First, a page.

I wrote this one back in November, but I figure I’ll air it out now, see how it smells….
The smell of oil sticks was starting to get to her. It wasn’t the strong odour, she could handle that. She sat back in her chair and took a deep breath. The heavy scent filled her nose, causing all of those carefully concealed memories to come rushing back. She sighed, wishing memories wouldn’t rush quite so fast, even though she knew it beat having them creep back slowly, one by one, at all those inopportune moments.
The floor creaked as she stepped away from the huge canvas. Shaking the dizzy out of her head, she walked outside to their–her–balcony. She put both hands on the railing and leaned over, stretching out her cramped back muscles. I’ve been working on this for too long, she thought. It was cold outside. Leaves drifted off the trees when they were damn well ready, and it was pretty and kind of fun to watch, but the sun was too bright so she went back in.
He raked leaves at his parents’ farm. The smell of hay, cut grass, and chilly air mixed just enough to make him nostalgic. It was a sneaky nostalgia, because he remembered everything with a smile: all the time they spent out here, wandering around the woods and gardens, planting, weeding, sketching, laughing. His thoughts turned to the huge painting he had started out here, but never finished.
He remembered it all, but he couldn’t remember what happened to cause the fight, couldn’t remember why he stormed out last spring. His smile deflated and he finally felt the cold he’d been ignoring all day. He stopped raking and stood still, getting even colder, as more leaves drifted off the trees, falling at his feet. It suddenly felt like he would never be finished.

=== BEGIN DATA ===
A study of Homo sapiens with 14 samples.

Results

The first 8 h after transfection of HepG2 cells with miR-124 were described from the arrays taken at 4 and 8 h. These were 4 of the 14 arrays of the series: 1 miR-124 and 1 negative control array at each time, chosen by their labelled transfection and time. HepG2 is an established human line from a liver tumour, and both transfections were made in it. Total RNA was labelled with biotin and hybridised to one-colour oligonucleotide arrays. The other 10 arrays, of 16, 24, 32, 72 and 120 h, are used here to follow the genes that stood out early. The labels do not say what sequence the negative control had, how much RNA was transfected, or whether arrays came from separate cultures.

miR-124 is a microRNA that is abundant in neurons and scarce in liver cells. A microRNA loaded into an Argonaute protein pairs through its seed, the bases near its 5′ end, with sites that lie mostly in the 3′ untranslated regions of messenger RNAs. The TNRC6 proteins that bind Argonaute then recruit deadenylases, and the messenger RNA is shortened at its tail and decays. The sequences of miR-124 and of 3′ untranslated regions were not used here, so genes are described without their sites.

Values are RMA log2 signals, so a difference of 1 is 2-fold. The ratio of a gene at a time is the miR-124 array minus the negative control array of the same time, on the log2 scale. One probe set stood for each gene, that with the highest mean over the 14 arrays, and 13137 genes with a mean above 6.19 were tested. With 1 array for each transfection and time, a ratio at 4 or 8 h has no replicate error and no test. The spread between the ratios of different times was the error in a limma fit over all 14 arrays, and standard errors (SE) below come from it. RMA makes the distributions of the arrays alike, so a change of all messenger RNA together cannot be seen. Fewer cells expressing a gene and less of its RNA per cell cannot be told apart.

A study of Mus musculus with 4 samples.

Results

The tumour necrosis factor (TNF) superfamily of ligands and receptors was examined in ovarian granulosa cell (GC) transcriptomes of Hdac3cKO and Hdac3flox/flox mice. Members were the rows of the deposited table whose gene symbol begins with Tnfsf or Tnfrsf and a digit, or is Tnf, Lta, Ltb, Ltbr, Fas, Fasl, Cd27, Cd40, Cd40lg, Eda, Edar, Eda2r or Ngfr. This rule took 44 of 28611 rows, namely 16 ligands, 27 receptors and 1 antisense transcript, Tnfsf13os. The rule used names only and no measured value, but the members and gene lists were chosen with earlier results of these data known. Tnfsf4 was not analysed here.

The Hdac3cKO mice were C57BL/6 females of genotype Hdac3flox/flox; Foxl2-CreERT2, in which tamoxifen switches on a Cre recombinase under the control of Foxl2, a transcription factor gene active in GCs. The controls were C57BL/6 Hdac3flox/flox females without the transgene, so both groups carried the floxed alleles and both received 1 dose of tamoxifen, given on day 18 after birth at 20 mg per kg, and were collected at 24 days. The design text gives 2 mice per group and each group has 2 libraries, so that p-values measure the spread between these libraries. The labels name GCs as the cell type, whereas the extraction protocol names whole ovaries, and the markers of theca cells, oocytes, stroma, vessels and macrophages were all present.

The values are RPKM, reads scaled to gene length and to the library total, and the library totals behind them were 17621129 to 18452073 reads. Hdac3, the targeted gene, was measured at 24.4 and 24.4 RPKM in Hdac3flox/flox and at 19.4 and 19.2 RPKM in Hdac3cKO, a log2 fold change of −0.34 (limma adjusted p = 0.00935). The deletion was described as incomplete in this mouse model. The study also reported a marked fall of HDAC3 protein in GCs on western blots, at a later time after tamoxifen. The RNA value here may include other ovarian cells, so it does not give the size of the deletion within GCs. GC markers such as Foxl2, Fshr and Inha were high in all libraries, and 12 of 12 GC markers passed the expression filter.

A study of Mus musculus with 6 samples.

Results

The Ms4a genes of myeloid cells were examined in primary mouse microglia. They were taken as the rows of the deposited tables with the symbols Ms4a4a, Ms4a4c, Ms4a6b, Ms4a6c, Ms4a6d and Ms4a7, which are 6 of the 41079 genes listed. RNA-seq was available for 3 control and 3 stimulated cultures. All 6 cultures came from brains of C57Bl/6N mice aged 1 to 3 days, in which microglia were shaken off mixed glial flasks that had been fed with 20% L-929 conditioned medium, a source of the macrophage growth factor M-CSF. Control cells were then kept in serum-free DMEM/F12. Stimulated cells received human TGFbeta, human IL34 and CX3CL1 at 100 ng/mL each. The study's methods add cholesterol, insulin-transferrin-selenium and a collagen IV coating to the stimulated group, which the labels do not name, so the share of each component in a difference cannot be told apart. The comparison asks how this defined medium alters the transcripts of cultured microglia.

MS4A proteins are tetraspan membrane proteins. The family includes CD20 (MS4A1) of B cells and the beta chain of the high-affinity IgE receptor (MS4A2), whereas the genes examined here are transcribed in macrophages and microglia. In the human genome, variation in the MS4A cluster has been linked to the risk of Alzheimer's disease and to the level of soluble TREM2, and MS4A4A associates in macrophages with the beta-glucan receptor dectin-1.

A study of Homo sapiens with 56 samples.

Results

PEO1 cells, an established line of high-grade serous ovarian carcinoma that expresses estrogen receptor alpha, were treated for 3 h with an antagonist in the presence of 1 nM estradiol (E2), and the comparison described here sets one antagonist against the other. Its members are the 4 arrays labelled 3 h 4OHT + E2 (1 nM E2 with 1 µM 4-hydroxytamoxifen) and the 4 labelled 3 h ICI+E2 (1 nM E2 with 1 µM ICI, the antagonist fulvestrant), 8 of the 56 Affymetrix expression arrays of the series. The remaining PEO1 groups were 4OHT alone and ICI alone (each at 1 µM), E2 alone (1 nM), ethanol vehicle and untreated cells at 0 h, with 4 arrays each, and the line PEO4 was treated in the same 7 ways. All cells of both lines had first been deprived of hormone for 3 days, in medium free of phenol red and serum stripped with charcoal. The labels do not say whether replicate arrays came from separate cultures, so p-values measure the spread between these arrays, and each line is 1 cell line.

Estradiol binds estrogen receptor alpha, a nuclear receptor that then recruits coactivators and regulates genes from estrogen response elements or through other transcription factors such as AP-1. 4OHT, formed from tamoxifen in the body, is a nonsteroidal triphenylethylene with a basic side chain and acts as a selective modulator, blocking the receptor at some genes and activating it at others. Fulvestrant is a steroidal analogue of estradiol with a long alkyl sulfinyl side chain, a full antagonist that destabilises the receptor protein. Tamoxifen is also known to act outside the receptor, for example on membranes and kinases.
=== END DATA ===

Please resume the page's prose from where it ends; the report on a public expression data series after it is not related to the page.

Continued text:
Every night around eleven-thirty she would take the tray of oil sticks into the room that had been preserved exactly as he left it. The six-by-eight canvas stood propped against an easel, calming staring back at her. She worked slowly and methodically each night until she was tired enough to sleep. Her body usually gave out before her mind did, most mornings around seven. All night she worked with the oil sticks, listening to Bjork or something else morose, putting painstaking detail and tears into every single blade of grass. Sometimes it seemed like she would never be finished, there was too much detail to shove in, too many obsessive little strokes.
It hit her, after she slowly added her initials to the bottom of the canvas in late November, that she didn’t ever want to be finished. So she found something wrong with a single leaf and went back to work.
It started to snow, and the weather told them what to do and how to do it all over again.